The graduation of senior linebackers Derrell Smith, who signed as an undrafted free agent with the Tampa Bay Buccaneers, and Doug Hogue, who was drafted in the fifth round of the NFL Draft by the Detroit Lions, were huge losses for SU's linebacking core, which enters the 2011-12 season with a lot of questions about its lack of experience.
Currently, the Orange seem to have their starting positions settled as senior Dan Vaughn will be the strong-side linebacker, sophomore Marquis Spruill will hold down the middle linebacker spot, and freshman Dyshawn Davis is the weak-side linebacker.
Despite being just a second-year player with little experience at MLB, Spruill enters the year as the new leader of the squad. Last season, the true freshman started all 13 games at linebacker for SU, but it was alongside veterans Smith and Hogue. This season, the 6-foot-1, 216-pound Spruill moves to the middle, where he's expected to use his one-year of learning from the vets to become an impact player in the Big East Conference.
Finally getting his chance to start is Vaughn, who played in all 13 games last year, but was mainly a specal-teamer. In 2010, The 6-2, 219-pounder recorded just one solo tackle, while assisting on four others. Meanwhile, Davis is looking to be just as productive as Spruill was during his rookie year. Davis (6-3, 213) transferred from the Pennsylvania prep school Milford Academy, where recorded 35 tackles, 13.5 for a loss, and teammate, defensive lineman Chandler Jones, thinks he'll fit in just fine.
"He showed me a lot of flashes of Derrell (Smith) and Doug (Hogue) this spring," said Jones. "Maybe he can play like them, or even better. He's a great player, and I'm excited to see him develop."
Behind the starters are: Junior JUCO transfer Siriki Diabate (MLB), sophomore Lewellyn Coker (MLB), junior Dom Anene (WLB), and freshmen Cameron Lynch (SLB) and Oliver Vigill (WLB). Out of those five, Coker, who played in all 13 games last season and seems to be the biggest hitter out of the group, is the only player who has seen any game action, which could make for a frustrating beginning to the season.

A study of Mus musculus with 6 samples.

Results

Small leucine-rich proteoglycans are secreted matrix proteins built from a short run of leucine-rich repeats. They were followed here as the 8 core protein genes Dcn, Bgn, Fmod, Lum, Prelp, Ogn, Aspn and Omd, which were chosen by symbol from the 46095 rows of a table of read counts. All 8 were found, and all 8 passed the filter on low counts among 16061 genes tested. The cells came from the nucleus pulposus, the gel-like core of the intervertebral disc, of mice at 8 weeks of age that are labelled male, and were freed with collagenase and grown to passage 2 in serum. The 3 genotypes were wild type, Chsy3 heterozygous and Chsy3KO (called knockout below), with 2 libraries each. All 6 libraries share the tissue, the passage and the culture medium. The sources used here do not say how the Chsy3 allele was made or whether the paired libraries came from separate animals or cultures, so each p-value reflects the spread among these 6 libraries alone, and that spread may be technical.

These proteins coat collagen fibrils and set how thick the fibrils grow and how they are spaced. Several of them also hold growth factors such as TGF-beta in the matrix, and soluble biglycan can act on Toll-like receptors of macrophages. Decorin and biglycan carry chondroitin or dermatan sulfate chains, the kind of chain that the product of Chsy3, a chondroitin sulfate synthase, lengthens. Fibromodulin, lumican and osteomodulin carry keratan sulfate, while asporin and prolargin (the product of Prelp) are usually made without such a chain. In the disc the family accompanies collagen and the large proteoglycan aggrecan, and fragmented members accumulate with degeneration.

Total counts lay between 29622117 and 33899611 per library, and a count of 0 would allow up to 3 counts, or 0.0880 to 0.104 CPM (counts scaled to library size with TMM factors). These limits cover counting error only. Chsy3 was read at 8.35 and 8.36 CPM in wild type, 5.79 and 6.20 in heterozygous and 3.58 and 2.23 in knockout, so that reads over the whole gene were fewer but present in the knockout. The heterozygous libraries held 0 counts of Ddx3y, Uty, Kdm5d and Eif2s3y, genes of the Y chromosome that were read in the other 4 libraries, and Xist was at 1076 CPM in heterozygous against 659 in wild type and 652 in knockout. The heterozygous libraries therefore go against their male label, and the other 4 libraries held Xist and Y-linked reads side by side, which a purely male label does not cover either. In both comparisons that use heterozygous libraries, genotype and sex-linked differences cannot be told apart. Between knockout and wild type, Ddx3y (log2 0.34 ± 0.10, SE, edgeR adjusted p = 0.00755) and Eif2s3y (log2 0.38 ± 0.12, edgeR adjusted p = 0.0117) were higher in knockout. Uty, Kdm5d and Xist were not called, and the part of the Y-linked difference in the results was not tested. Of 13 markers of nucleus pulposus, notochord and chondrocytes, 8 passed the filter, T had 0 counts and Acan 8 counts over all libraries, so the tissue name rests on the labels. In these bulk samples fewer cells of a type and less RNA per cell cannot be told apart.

Despite their lack of playing time, this group may make up for it while its athleticism and speed.
"It looks like there’s some good speed on the field right now," said Marrone on Monday. "We’re flying around and running around. Now, it’s just a matter of if we can sustain blocks, make tackles, make plays … that’ll come along as the installation goes along. And then when we’re really able to start scrimmaging, then we’ll know better where we are."
What will help the young LBs will be the coaching and game planning of defensive coordinator Scott Shafer, who has proven that he can build a solid defense without a bunch of four- or five-star recruits. (Statistically, last season was the best defensive year since 1999.) Also, the LBs will be helped out by one of the, if not the best, defensive line in the Big East.
In conclusion, the Syracuse LBs are young and inexperienced, but talented and fast. Orange nation is hoping that the two things can cancel each other out and the LB core doesn't hamper, but is an asset to the team's progression.